R (Profanity, Sexual Situations)
Theatrical Aspect Ratio:
Toni Collette, Rachel Griffiths, Bill Hunter, Jeane Drynan, Gennie Nevinson , Pippa Grandison, Sophie Lee
Peter Best and Abba
The previews for Muriel's Wedding liken this latest Australian import to two of its predecessors, Strictly Ballroom and The Adventures of Priscilla, Queen of the Desert. These are inaccurate, not to mention misleading, comparisons. Those expecting something light and airy from this tragic-comedy are in for an unpleasant surprise, for, while Muriel's Wedding has its moments of exhilarating humor, it is, as often as not, downbeat and even mean-spirited.
Perhaps the best recent antecedent to Muriel's Wedding is Proof. Both films are from House/Moorhouse productions (writer/director P.J. Hogan is married to co-producer Jocelyn Moorhouse), and, while this film lacks Proof's seamless marriage of comedy and drama, there are distinct similarities in tone and pacing. Muriel's Wedding could easily be viewed as a social commentary thinly disguised as something a little less pretentious. Certainly, one is more likely to emerge from this motion picture with a less upbeat attitude than the one resulting from Ballroom or Priscilla.
Muriel Heslop (the vibrant, energetic Toni Collette) is a hopeless romantic. She spends her days locked in her bedroom, listening to Abba songs and dreaming of the day she'll be able to put on a wedding dress. Her walls are covered with momentos of her two favorite things in life: posters of the singing group and pictures of brides-to-be. Part of her reason for living in a fantasy world is that her family life is so depressing. Her brothers and sisters spend all day lounging in front of the television. Her mother (Jeane Drynan) is oblivious to the goings-on around her, and her father (Bill Hunter) doesn't miss any opportunity to brand Muriel as "useless." In fact, he derides her as the most useless of his children. On top of that, her bitchy friends call her an embarrassment and announce that they don't want her accompanying them on a vacation.
Muriel takes all this to heart and decides that the only way to change her life is to leave the town of Porpoise Spit and find a man. To this end, she follows her friends to the resort of Hibiscus Island. Once there, she encounters Rhonda (Rachel Griffiths), an old school chum. In this wild party girl, Muriel discovers something she has never before had -- a real friend, someone who actually cares about her.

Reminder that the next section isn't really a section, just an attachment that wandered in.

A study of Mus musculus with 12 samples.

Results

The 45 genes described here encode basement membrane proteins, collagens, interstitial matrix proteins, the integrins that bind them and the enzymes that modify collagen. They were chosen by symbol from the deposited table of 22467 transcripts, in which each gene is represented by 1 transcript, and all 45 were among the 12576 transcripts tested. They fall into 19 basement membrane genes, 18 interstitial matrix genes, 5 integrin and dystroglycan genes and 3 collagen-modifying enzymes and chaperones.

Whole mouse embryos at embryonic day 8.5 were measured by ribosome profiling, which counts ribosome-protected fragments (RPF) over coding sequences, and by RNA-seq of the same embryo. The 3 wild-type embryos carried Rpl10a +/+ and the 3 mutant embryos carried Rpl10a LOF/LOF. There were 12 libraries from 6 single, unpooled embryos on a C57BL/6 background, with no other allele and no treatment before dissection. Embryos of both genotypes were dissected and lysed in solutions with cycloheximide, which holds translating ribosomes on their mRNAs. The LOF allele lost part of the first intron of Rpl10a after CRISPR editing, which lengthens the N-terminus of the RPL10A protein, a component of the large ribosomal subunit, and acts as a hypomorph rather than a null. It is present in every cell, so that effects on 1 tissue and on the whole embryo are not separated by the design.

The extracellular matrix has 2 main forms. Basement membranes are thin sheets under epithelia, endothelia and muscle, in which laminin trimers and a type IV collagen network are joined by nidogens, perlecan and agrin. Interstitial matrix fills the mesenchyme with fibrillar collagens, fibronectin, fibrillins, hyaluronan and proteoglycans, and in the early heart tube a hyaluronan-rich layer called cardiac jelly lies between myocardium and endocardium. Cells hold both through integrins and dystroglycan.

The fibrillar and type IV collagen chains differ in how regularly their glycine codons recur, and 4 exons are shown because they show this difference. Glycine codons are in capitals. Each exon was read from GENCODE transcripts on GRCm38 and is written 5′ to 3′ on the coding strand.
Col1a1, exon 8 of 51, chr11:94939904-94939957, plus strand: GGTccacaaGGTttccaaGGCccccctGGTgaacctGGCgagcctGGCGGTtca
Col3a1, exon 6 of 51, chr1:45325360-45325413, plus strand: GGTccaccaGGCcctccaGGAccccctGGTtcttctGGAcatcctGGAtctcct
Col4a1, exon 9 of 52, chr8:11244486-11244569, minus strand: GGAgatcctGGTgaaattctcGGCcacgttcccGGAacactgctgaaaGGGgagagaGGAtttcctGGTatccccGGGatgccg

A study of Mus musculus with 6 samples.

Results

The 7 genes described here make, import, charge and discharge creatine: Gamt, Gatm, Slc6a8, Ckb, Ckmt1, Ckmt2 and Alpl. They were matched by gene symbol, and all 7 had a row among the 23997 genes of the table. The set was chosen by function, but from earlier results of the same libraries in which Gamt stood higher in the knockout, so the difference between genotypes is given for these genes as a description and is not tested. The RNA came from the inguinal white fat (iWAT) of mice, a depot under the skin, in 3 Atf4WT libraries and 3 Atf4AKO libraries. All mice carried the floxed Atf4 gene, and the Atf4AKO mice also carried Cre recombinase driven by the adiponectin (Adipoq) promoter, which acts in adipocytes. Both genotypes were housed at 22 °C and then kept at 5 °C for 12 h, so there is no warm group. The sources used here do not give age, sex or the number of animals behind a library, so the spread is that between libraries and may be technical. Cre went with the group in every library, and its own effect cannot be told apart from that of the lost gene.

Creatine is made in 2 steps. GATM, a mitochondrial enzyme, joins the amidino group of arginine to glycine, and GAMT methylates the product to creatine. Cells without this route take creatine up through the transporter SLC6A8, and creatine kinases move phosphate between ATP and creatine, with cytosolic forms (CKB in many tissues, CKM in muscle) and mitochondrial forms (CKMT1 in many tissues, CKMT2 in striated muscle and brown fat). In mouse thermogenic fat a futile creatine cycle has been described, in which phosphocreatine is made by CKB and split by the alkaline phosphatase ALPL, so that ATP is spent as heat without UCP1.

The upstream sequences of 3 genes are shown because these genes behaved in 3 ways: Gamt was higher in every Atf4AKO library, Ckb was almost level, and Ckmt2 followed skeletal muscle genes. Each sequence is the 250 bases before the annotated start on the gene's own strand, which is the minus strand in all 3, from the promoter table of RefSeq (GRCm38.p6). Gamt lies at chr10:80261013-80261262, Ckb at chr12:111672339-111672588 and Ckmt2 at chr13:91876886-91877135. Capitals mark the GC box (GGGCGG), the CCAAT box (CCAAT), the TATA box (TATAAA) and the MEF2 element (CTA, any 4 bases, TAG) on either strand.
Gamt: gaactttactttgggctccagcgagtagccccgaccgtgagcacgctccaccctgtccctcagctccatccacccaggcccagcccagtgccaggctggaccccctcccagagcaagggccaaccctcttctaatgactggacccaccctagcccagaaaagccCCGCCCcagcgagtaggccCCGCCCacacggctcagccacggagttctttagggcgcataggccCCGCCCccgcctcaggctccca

One of the most pleasant aspects of Muriel's Wedding is the distinctly unconventional third act. No one seeing this movie will confuse it with a Hollywood picture, as it continually flouts the "feel good" formulas that typically characterize this sort of romantic comedy. The ending is far-from-perfect, but it's a great deal better than several obvious alternatives.
Nevertheless, parts of Muriel's Wedding are heavy-handed and, as a result, needlessly uncomfortable to view. There are times when Hogan almost seems to enjoy belittling and degrading Muriel. While it's necessary to understand her low self-image, the director goes to excessive, almost-sadistic, lengths to get his point across. On these occasions, the film becomes a little difficult to endure.
Balancing these moments are some high-energy scenes, including a wonderful lip-synch of Abba's "Waterloo" by Muriel and Rachel, Muriel trying on wedding dresses to the tune of "Dancing Queen", and an almost-sex scene featuring sofa cushions being unzipped instead of skirts. The soundtrack, featuring at least five Abba songs, is effectively energetic, and includes a Peter Best- arranged instrumental version of "Dancing Queen" performed by a full orchestra.
Those who rely on Miramax's ads to prepare them for Muriel's Wedding may be disappointed, but that's not the film's fault. Muriel's Wedding isn't a perfect comedy, tragedy, or drama, but it contains enough original elements of each to make it worth a look. Ultimately, however, individual enjoyment of this picture may be in direct proportion to a viewer's ability to tolerate Abba's omnipresent music.